Re-opening a Case

  • When is a file closed with UNHCR?

If your appeal is unsuccessful, then the decision is considered final and you cannot appeal again. Your file is considered closed at that time.

Your file may also be closed if you abandon your claim by returning to your country of origin or by failing to renew your Asylum Seeker Certificate.

  • What does it mean if your file is closed?

When your file is closed, UNHCR  will not renew your Asylum Seeker Certificate. You are no longer able to access any services from UNHCR. Most organizations that provide assistance to refugees in Bangkok also will not provide assistance to individual’s without an Asylum Seeker Certificate.

  • What are my options if my file is closed?

You have four main options:

  1. Return to your country of origin. This is called voluntary repatriation, and there may be some organizations in Bangkok that can assist you with this process.
  2. Stay in Thailand but no longer seek assistance or protection as a refugee. For example, some people chose to stay and try to find work and try to avoid problems with immigration officers or the police.
  3. Stay in Thailand and ask UNHCR to re-open your case.
  4. Try to go to another country. Please remember that it is a crime to cross borders or enter another country without a valid visa and that there are criminal consequences. You should only consider this option if you have a lawful way to go to another country.
  • What is the re-opening process? 

If you would like to request that UNHCR reopen your case, you should write a letter to UNHCR. The letter, like an appeal, can be in any language and any length. For it to be successful, however, it should clearly state why your case should be reopened. You can get a Reopening Self-help Kit from Asylum Access Thailand to help you write your reopening request.

In very limited cases, Asylum Access Thailand may assist with your re-opening request. You should contact Asylum Access Thailand if you would like them to assist with your reopening request. They will then review your case and decide whether they can help. It is a good idea to contact Asylum Access Thailand if you are:

  1. Vietnamese Hmong or Montagnard, especially if your first instance decision was made by UNHCR in Cambodia;
  2. If you have returned to your country of origin since the final decision, suffered persecution again and then returned to Thailand afterwards;
  3. You have new evidence related to your claim; or
  4. The situation in your country of origin has changed significantly since you received your final decision and there are new reasons that it would be unsafe for you to return.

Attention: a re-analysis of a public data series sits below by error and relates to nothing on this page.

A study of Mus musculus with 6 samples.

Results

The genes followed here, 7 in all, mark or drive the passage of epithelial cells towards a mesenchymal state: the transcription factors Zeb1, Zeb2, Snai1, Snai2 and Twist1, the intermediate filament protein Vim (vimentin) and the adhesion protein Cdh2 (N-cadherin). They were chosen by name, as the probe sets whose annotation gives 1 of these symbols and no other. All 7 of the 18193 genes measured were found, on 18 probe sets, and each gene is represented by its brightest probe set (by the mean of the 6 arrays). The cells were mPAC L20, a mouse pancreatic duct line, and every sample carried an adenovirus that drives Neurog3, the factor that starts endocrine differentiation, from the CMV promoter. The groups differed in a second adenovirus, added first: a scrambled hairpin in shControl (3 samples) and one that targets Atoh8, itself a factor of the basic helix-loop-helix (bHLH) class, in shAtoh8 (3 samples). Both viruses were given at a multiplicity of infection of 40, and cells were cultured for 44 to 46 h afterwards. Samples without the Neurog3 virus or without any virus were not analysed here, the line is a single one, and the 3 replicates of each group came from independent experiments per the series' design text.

After you submit your re-opening request, UNHCR reads it and decides whether to re-open the case. Re-opening the case means that UNHCR will issue a new Asylum Seeker Certificate and will reconsider if you are a refugee based on the information in your request. UNHCR may take over a year or more to decide whether it will re-open your case. You will not have an Asylum Seeker Certificate during this time.

UNHCR can decide whether or not to re-open your case without interviewing you.

If UNHCR decides to re-open your case, it may take many months or over a year for them to reconsider your case and decide whether to recognize you as a refugee or to reject your application. UNHCR may make that decision after an interview or may make that decision without an interview.

You cannot appeal a re-opening request.

  • When will UNHCR agree to re-open a case?

Reopening requests are only granted in exceptional circumstances

UNHCR will only re-open your RSD file if one of the following circumstances applies:

  1. There is reliable new information of a significant change in your personal circumstances or the conditions in your home country that may substantially affect your eligibility for refugee status.
    Examples of this might be:
    o a new event has happened in your home country that shows you are at greater risk of persecution there
    o something has happened to you in Thailand that puts you at greater risk of persecution in your home country
  2. You have reliable, relevant and important new information which helps to establish that you meet the Convention refugee definition.  You need to explain to UNHCR why this information was not given to UNHCR earlier (eg because you only just found out about it, or you could not get the documents earlier).
  3. There is serious reason to believe that UNHCR did not properly decide your RSD claim, and/or that UNHCR that UNHCR did not adequately consider the grounds on which you might be a refugee. This means that UNHCR made a mistake when it rejected you, either because it did not understand properly what happened to you, or because it made a mistake when applying the Convention refugee definition to your case.